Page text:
By Niranjan Kaggere
They are hunted because their scales fetch a hefty two lakh rupees per kilogram in the international market
For years, tiger and leopard pelts and elephant tusks accounted for most poaching incidents in state forests. But with constant vigil and increased patrolling by the now-aware forest personnel, particularly in national parks, poachers have moved onto a different territory. They have shifted their gaze to other animals. Pangolins have become their latest target because of their scales that fetch a lot of money in the international market.
Found in almost all parts of Karnataka, the shy, nocturnal and solitary animals have turned out to be the most trafficked animals in recent times. Going by the quantity of scales recovered by forest officials, hundreds of pangolins have been hunted across Karnataka. Pangolin poaching is so rampant that several cases have been registered in almost all circles of the forest department across Karnataka. Protected under Schedule I of the Indian Wildlife Act, hunting pangolins attracts three to seven years' imprisonment and fine up to Rs 10,000.
Giridhar Kulkarni, a techie and a conservationist working in Dandeli Wildlife Division, told Bangalore Mirror that there is no barrier for poachers to hunt pangolins.
"Be it evergreen forests, dry deciduous forests or thorny shrub forests, pangolins have become the biggest target of poachers because of their unique scales. Their solitary living and characteristic of rolling into the shape of a ball when countered by threat, makes it easier for one to capture and bundle these passive animals into a bag," Kulkarni explains.
To create awareness among the public and sensitise department personnel at the grassroots level, Kulkarni has been tracking pangolin poaching incidents for almost five years across states, and has documented most of the poaching incidents. According to Kulkarni, what attracts poachers is the unique gold-coloured scales that cover the mammal's skin, apart from the meat.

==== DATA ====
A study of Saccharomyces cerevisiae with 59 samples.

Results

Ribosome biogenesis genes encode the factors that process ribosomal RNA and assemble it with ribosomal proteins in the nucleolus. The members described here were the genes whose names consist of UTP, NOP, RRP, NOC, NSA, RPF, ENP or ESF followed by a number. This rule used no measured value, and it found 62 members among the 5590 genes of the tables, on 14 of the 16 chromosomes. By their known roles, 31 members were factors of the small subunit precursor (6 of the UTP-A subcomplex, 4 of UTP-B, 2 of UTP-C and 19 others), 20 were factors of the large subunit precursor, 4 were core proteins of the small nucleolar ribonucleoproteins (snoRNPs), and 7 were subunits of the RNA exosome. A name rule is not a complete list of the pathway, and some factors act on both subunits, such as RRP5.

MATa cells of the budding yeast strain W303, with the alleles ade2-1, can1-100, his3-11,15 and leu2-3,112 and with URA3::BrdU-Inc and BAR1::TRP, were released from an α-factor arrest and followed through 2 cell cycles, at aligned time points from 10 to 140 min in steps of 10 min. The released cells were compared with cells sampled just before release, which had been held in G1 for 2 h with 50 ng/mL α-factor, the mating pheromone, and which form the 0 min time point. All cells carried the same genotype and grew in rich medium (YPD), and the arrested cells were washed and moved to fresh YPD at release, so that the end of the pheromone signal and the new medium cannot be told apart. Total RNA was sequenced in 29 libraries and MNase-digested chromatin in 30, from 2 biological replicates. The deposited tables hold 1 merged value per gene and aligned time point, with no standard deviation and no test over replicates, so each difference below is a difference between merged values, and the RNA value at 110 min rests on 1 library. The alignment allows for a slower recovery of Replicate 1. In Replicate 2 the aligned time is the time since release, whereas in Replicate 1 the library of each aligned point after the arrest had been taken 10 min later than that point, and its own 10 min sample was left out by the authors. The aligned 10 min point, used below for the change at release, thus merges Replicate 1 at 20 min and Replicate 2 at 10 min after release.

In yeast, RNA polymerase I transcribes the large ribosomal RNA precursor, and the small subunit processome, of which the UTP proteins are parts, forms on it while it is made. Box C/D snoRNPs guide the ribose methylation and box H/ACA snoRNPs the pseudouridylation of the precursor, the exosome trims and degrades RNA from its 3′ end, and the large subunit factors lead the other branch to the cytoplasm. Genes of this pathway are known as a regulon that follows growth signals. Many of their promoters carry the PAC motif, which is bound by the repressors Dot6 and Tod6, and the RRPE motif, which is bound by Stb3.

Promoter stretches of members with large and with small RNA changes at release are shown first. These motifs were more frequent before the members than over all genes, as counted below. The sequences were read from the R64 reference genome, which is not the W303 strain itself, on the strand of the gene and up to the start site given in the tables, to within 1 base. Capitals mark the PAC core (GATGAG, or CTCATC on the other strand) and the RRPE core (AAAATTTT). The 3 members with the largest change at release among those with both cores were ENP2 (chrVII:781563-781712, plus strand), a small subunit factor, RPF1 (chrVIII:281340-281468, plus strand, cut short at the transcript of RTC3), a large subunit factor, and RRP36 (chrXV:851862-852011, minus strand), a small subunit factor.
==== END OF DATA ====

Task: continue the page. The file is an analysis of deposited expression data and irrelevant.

"There are two different species of pangolins in India, and both are targeted by poachers. The flesh of pangolins is also savoured by many, but only at the local level. So poachers strip the scales and sell the meat in a local market," he says.
Sources in the forest department revealed that in the last five years, more than a quintal of scales have been recovered and several hundred live pangolins recovered from poachers. More than any other region, Dandeli and Belagavi circles have been witnessing incidents of pangolin poaching.
Explaining the modus operandi, Kulkarni said, "Though poachers move around with weapons during the night looking for these creatures, during daytime, they are hunted using dogs. After locating a pangolin burrow, they fill it with water and force it to come out.
As it comes out, they either bundle it into a bag or kill it instantly."
An adult pangolin has 3.5 to 4 kg of scales on its body. "Each scale weighs between 100 and 300 gm depending on the size. The animal measures only 15 to 35 inches in size, but can extend its tongue as long as 40 cm. The scales are made of keratin similar to human fingernails or rhino horns. They constitute 20 to 25 per cent of a pangolin's bodyweight. A kilogramme of scales in the international market fetches as much as Rs 2 lakh, while they are procured from local poachers for as low as Rs 6,000 to Rs 10,000 per kg," revealed a senior police officer from the forest cell of the police department.
"Scales are mostly sent to China, Korea, Hong Kong and Tibet. In some western countries, scales are used as decorative items on clothes and bags. It is also believed that the scales cure skin diseases and cancer, which has created a big market for them. In traditional Chinese medicine, roasted pangolin scales are believed to detoxify and help remove pus from wounds and also stimulate lactation. A few others also market it as an aphrodisiac," Kulkarni added.
Acknowledging that there has been a steady increase in pangolin poaching, Vinay Luthra, principal chief conservator of forests (wildlife) said, "Poaching within national parks and sanctuaries has been reduced to nil due to intense patrolling. But animals are not aware of boundaries and poaching incidents are happening in unprotected areas. Unfortunately, the department is short-staffed and hence effective vigilance in other forest areas is difficult. With the recruitment of more personnel into the department in recent times, we will soon control poaching activities even in reserve areas."